Lima beans are not good until they are full grown and have turned white. Shell, wash, cover with boiling water, and cook about one hour, or until tender. Let the water nearly evaporate, and add milk or cream thickened with a little flour. Season with salt to taste, boil up once, and serve. The thickening may be omitted, if preferred. Dry Lima beans are also excellent soaked overnight, then cooked slowly for several hours, and served with only a seasoning of salt. The prolonged, slow cooking adds much to their palatability.
Shell, wash, drop into boiling water sufficient to cover, and cook until tender. Let the water boil nearly away, and serve without draining. Season with thin cream, and salt if desired.
Wash well in cold water. Remove the strong fibers, or strings, as they are called, by paring both edges with a sharp knife; few cooks do this thoroughly. Break off stems and points, carefully rejecting any imperfect or diseased pods. Lay a handful evenly on a board and cut them all at once into inch lengths. A better way, perhaps, is to break each separately with the fingers. Only tender beans can be thus broken, and any portions of the string remaining will be discovered in the breaking. Put in a porcelain or granite-ware kettle, cover with boiling water, and. cook from one to three hours, according to age and variety, testing frequently, as they should be removed from the kettle just as soon as done. When very young and tender, only water sufficient to keep them from burning will be needed. When done, add half a cup of thin cream for a quart of beans, and salt to taste. If the quantity of juice is considerable, thicken with a little flour.
Pick over a quart of best white beans, and soak in cold water over night. Put them to cook in fresh water, and simmer gently till they are tender, but not broken. Let them be quite juicy when taken from the kettle. Season with salt and a teaspoonful of molasses. Put them in a deep crock in a slow oven. Let them bake two or three hours, or until they assume a reddish brown tinge, adding boiling water occasionally to prevent their becoming dry. Turn into a shallow dish, and brown nicely before sending to. the table.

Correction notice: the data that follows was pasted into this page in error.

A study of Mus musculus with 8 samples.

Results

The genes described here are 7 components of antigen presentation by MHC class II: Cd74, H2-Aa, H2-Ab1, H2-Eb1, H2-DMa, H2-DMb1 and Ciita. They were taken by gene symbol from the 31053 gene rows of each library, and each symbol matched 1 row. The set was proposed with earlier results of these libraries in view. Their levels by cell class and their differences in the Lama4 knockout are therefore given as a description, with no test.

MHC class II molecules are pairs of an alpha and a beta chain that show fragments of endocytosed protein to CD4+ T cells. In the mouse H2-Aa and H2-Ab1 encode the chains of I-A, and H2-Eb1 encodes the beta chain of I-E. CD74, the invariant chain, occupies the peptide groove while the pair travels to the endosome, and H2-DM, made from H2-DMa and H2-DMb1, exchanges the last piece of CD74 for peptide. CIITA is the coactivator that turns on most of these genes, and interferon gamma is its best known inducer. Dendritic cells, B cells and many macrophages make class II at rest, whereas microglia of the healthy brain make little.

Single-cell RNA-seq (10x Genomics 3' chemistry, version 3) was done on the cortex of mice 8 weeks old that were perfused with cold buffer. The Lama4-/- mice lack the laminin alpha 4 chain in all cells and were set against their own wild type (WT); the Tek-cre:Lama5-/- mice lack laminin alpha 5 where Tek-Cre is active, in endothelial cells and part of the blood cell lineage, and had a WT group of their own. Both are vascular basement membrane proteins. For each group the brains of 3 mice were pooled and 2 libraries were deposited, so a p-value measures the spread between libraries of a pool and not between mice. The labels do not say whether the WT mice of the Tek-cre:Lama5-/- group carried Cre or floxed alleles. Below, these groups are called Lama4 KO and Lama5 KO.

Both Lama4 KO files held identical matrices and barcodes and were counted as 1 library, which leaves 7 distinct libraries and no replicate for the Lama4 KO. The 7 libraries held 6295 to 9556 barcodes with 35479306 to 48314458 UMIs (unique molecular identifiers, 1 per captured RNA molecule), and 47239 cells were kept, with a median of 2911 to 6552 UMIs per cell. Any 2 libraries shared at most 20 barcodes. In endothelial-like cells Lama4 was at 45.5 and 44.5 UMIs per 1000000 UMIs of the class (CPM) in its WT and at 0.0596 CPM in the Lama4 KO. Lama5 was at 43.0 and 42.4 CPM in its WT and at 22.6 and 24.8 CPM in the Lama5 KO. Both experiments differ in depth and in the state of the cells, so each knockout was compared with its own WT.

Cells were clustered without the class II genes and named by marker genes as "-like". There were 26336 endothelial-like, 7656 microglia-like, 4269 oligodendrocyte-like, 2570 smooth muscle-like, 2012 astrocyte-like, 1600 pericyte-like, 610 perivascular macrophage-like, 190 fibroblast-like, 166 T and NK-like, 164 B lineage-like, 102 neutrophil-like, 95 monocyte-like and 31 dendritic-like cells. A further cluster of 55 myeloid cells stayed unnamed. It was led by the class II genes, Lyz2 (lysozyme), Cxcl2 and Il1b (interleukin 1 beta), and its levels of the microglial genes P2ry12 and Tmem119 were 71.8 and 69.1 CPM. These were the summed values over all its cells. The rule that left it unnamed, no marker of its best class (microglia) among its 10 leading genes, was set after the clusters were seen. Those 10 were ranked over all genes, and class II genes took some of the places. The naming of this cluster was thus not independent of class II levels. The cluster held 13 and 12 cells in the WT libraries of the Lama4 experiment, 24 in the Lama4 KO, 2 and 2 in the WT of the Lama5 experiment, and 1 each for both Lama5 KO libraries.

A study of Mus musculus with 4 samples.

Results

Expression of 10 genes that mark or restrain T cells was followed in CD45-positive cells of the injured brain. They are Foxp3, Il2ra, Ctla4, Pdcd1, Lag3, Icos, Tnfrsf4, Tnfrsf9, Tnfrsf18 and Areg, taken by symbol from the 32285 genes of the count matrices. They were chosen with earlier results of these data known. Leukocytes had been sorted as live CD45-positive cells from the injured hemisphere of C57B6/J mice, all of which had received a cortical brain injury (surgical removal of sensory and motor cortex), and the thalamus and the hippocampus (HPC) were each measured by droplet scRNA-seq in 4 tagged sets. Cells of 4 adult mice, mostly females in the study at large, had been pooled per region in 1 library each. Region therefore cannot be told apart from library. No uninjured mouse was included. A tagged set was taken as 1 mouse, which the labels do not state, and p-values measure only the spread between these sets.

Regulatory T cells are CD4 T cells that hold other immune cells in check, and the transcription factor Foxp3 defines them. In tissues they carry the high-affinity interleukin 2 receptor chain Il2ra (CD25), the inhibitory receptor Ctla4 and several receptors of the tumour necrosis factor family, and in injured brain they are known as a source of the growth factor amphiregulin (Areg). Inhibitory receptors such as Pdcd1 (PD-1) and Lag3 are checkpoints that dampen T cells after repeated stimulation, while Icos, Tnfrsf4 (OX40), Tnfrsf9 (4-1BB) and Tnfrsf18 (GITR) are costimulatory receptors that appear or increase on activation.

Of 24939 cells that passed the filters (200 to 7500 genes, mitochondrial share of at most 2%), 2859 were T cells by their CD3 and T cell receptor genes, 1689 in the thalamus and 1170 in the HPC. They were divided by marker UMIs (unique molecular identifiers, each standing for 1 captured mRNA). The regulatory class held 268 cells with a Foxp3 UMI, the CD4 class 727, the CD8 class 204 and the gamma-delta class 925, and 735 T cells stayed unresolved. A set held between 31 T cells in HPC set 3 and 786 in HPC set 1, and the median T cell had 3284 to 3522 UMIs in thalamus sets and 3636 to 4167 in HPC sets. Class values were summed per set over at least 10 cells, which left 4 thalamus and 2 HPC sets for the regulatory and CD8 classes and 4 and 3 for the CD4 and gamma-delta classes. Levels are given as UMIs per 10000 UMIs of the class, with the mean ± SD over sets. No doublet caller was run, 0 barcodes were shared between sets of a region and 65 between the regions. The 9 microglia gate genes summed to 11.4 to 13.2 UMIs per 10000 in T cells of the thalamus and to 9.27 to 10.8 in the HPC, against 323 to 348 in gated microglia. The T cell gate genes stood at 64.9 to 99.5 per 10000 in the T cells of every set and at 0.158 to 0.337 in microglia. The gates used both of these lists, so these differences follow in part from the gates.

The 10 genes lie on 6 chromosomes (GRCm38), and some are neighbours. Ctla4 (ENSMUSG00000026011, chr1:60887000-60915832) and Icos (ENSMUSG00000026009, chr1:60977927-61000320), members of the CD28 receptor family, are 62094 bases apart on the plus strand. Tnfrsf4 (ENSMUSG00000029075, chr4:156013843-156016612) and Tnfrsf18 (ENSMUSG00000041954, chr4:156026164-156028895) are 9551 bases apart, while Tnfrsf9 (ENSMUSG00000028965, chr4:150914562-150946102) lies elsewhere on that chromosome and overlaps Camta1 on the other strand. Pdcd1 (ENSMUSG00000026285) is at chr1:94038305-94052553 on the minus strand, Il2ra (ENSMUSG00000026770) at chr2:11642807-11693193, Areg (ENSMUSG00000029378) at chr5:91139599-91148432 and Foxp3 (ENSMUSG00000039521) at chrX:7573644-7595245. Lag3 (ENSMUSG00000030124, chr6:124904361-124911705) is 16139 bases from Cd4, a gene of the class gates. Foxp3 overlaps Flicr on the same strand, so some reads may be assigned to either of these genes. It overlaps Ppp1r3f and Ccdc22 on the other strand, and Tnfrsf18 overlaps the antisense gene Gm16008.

Prepare and cook as directed above, adding two tablespoonfuls of nut butter when ready to bake.
Soak a quart of white beans in water over night. In the morning, drain, turn hot water over them an inch deep or more, cover, and place on the range where they will only just simmer, adding boiling water if needed. When nearly tender, add salt to taste, a tablespoonful of sugar if desired, and half a cup of good sweet cream. Cook slowly an hour or more longer, but let them be full of juice when taken up, and never cooked down dry and mealy. They are also excellent prepared thus without the addition of cream.
Soak over night in cold water, a quart of nice white beans. When ready to cook, drain, put into boiling water, and boil till perfectly tender, and the water nearly evaporated. Take up, rub through a colander to remove the skins, season with salt and a half cup of cream or a tablespoonful of nut butter, put in a shallow pudding-dish, smooth the top with a spoon, and brown. If preferred, one-half bread crumbs may be used with the beans. The cream may be omitted if desired, and the salt added before the beans are put through the colander; then allow them to remain just as they fall from it, and brown. Half slices of lemon arranged upon the well-browned surface make a pretty as well as an appetizing dish.
Put the beans into boiling water, and cook till tender, but not till they fall to pieces. Fresh beans should cook an hour or more, and dry ones require from two to three hours, unless previously soaked. They are much better to simmer slowly than to boil hard. They should be cooked nearly dry. Season with salt, and a cup of thin cream or rich milk to each pint of beans. Simmer for a few minutes after the cream is turned in. Should it happen that the beans become tender before the water is sufficiently evaporated, do not drain off the water, but thicken with a little flour. A little flour stirred in with the cream, even when the water is nearly evaporated, may be preferred by some, or the cream may be omitted entirely.